Belfast Telegraph

Saturday 1 November 2014

DebateNI home of Northern Ireland politics

Our cause is an equality issue over Orange culture, so it can't be viewed through the lens of conflict

The Orange Order Pride of Ardoyne hold a peaceful protest at Woodvale Parade, July 27 2013. Picture Colm O'Reilly
The Orange Order Pride of Ardoyne hold a peaceful protest at Woodvale Parade, July 27 2013. Picture Colm O'Reilly

The debate about parading, culture and identity must be understood through the concept of inclusive citizenship as set out within the terms of the Good Friday Agreement and subsequent St Andrews Agreement – not through the lens of conflict.

Attacks on Protestant, unionist, loyalist, and Orange culture and manifestations of that culture continue with alarming regularity.

Hardly a day passes without seeing some report in the media about an attack on an Orange Hall, memorial, church or person.

Intolerant language, words, negative stereotype and sweeping and false generalisations of loyal order parades as "sectarian marches" combine to vilify an entire community and culture without any justification. Citizenship as benchmarked within the Good Friday Agreement guarantees the rights of citizens, both Irish and British, and recognises the need to acknowledge and validate the existence of a number of diverse cultures and traditions.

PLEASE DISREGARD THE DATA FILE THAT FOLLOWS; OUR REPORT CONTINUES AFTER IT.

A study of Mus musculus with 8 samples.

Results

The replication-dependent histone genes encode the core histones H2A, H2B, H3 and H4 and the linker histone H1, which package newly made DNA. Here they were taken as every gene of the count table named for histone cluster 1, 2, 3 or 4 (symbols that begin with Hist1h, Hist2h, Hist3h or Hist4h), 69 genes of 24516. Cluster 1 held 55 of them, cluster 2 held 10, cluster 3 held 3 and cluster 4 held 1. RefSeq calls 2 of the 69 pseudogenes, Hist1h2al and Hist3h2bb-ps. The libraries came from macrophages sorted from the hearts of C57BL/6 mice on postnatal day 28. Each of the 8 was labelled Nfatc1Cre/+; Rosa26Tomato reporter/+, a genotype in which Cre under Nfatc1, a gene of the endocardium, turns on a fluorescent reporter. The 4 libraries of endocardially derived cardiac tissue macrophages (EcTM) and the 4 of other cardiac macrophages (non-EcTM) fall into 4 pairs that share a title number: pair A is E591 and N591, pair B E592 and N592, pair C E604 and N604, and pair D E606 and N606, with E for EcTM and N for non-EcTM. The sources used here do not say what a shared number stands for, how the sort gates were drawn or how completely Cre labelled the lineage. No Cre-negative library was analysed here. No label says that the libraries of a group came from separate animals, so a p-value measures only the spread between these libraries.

Much of the discussion so far in terms of our own cultural differences has centred primarily on the issues associated with the loyal orders and marching bands.

While recognising there are aspects of parading that demand serious attention, not least how we show respect at times of sensitivity, we must not make the mistake of seeing our cultural disagreements as a one dimensional problem.

What is going on within republican communities in areas of Belfast such as Ardoyne and further afield deserve a closer look, especially in relation to how militant republicanism is impacting on communities trying to build peaceful relations.

Both in 2006 and 2007, North and West Belfast Parades and Cultural Forum reached agreement with the then Ardoyne Parades and Dialogue Group in relation to loyal order parades along the Crumlin Road. So what has changed?

The biggest factor is that Sinn Fein has taken its seats on the Policing Board. In so doing they have haemorrhaged support and a more hardline attitude has emerged with policing and parading.

I believe the most effective way of dealing with these challenges is through a process of developing mutual understanding.

If republicans truly believe in the principles of inclusive citizenship, equality, social justice, and a shared future then let us see those values being extended to the Orange brethren of Ligoniel.

Republicans choose to view Orange marches through the lens of conflict to serve their own political and ideological ends and to hide the divisions within their own community.

By contextualising the debate within citizenship and human rights we undermine this negative approach, providing opportunities for positive and meaningful dialogue and creating a society where all cultures and backgrounds are respected.

No more reading from two different rulebooks.

I, on my part, am willing to speak to anyone who is genuinely interested in addressing the basic needs of both communities.

With the Orange Order already confirming its willingness to engage with Richard Haass and having previously signalled its intention to speak with residents, this is evidence of new light from old windows.